1. Section Editor(s): Carroll, V. Susan




In October of last year, Scientific American published an insightful article-"Turbocharging the Brain" (Stix, 2009)-about the use of cognitive enhancers. The author examines the use of neuroenhancers or smart drugs that improve attention, memory, and planning ability among college students (Ritalin and Adderal) and software developers (Provigil) as well as more widespread use of medications originally developed to maintain or improve cognition function in patients with dementia. The use of neuroenhancing drugs in individuals for whom they were not prescribed raises legal issues, concerns about the risks and benefits of the drugs, their side effects and addictive potential, and ethical issues related to fairness and coercion. As neuroscience nurses, we should also take part in this debate. We care for individuals who need, and benefit from, these drugs, but we are often intimately aware of the dangers inherent in their use. Again, we have an opportunity to teach.


The Chicago Tribune, in November of last year, ran a series of reports related to autism (Tsouderos & Callahan, 2009a, 2009b). As the number of children diagnosed with autism rises and parents search for answers and optimal care for their affected children, dubious medicine emerges as a challenge to all neuroscience professionals. Children are treated with hyperbaric oxygen, heavy metal chelating agents, gluten-restricted diets, high-dose vitamins, and testosterone among other "nontraditional" treatments. Although we understand the challenges families face in caring for and providing the best education for autistic children, we can serve them best by teaching what we know about pathophysiology and pharmacology, helping them access support services, and advocating for special education.


In late December, the National Football League (NFL) suspended its study of the long-term effects of concussions in retired players. The study, initiated in 2007, was part of the NFL's handling of players who experienced play-related concussion and its efforts to improve player safety. The study was suspended, not because it drew a straight line between repeated head injuries and long-term cognitive deficits in football players but because of harsh criticism about poor statistical sampling, conflicts of interest among the researchers, and "[horizontal ellipsis] conclusions drawn before the study was concluded" (Schwarz, 2009, p. B15). Suspension of the study sends a mixed message to the more than one million youngsters who play football; they, and their parents, may conclude that if the NFL doesn't see a significant risk of play-related head injury, neither should they. We should be shocked and dismayed by these reports; they provide us with an opportunity to teach prevention-we can teach young players and their families that any head injury is potentially serious. We can't assume "it's just a concussion" and recommend taking the afternoon off (the NFL's original treatment plan). We need to teach that cerebral dysfunction can persist for at least a month after injury and that injured players require careful monitoring and follow-up care.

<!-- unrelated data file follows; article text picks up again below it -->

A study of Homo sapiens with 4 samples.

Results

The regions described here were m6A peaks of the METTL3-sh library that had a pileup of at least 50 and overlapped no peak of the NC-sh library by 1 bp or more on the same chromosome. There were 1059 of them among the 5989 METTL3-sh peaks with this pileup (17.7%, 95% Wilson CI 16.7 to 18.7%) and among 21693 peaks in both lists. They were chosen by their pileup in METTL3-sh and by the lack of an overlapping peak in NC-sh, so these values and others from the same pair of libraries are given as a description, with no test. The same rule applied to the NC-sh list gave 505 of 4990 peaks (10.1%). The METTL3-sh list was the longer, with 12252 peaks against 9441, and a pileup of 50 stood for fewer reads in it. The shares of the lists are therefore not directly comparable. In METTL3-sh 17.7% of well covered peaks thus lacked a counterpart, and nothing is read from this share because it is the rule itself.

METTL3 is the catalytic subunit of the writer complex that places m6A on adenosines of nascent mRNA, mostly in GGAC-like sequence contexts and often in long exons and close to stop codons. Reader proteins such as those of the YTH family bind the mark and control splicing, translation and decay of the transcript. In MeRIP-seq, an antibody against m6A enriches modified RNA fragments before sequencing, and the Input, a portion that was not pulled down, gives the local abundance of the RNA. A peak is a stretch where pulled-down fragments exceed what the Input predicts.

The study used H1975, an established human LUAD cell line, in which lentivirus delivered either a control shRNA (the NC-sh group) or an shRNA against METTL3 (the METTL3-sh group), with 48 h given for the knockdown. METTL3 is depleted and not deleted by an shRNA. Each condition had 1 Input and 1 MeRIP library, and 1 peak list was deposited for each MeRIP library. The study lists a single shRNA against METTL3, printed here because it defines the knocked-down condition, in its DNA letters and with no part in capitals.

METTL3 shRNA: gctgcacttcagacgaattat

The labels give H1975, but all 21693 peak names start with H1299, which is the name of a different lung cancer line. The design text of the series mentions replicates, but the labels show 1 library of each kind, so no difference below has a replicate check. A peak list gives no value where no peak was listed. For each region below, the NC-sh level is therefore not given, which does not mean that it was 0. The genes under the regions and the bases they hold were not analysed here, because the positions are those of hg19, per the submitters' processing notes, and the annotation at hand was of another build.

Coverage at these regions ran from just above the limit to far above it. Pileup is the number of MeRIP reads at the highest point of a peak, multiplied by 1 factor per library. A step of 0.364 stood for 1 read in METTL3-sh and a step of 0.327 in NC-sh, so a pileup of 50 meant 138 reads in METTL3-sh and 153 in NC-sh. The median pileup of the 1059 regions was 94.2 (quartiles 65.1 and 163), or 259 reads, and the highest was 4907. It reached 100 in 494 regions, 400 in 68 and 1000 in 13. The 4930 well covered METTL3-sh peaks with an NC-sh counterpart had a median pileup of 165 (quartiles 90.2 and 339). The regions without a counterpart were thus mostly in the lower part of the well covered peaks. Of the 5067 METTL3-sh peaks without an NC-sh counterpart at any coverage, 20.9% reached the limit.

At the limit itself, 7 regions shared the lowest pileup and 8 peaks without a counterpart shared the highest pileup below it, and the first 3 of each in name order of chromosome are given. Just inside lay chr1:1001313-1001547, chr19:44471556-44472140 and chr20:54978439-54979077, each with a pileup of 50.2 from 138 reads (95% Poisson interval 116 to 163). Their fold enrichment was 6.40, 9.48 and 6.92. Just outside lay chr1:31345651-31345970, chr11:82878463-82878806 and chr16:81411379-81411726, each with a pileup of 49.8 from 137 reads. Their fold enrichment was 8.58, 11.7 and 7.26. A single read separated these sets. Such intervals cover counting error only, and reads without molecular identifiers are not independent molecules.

Finally, on a more diagnostic note, The New York Times published a "Diagnosis" column (Sanders, 2009) in which the author speculated that, with Sherlock Holmes, Sir Arthur Conan Doyle may have created the first portrayal of an individual with Asperger's syndrome decades before Hans Asperger published his work. Holmes is direct to the point of rudeness; he has detailed knowledge of many kinds of strange phenomena; he exhibits what Asperger later called autistic intelligence. Perhaps most important, Holmes has difficulty understanding what others feel and how they think. All in all, it is a thought-provoking neuroscience mystery.


The "News" is with us everyday. We are caught up in the events of the world around us. Let's try to use it to support our work and our commitment to nursing excellence.




Sanders, L. (2009). Hidden clues. The New York Times Magazine, 22, 24. [Context Link]


Stix, G. (2009). Turbocharging the brain. Scientific American, 301(4), 46-55. [Context Link]


Schwarz, A. (2009). NFL suspends concussion study. The New York Times, p. B15. [Context Link]


Tsouderos, T., & Callahan, P. (2009a). Dubious medicine: Autism's risky experiments. The Chicago Tribune, pp. 10-11. [Context Link]


Tsouderos, T., & Callahan, P. (2009b). Dubious medicine: Research hijacked for autism. The Chicago Tribune, pp. 1, 8. [Context Link]



Jacquelin Neatherlin, a long-time manuscript peer reviewer for Journal of Neuroscience Nursing (JNN), recently passed away. She had mentored new authors and provided much needed support for many other authors as they wrote, and rewrote, articles about neuroscience nursing. Jacque was a vocal, positive supporter of JNN and its vision and mission. We will miss her.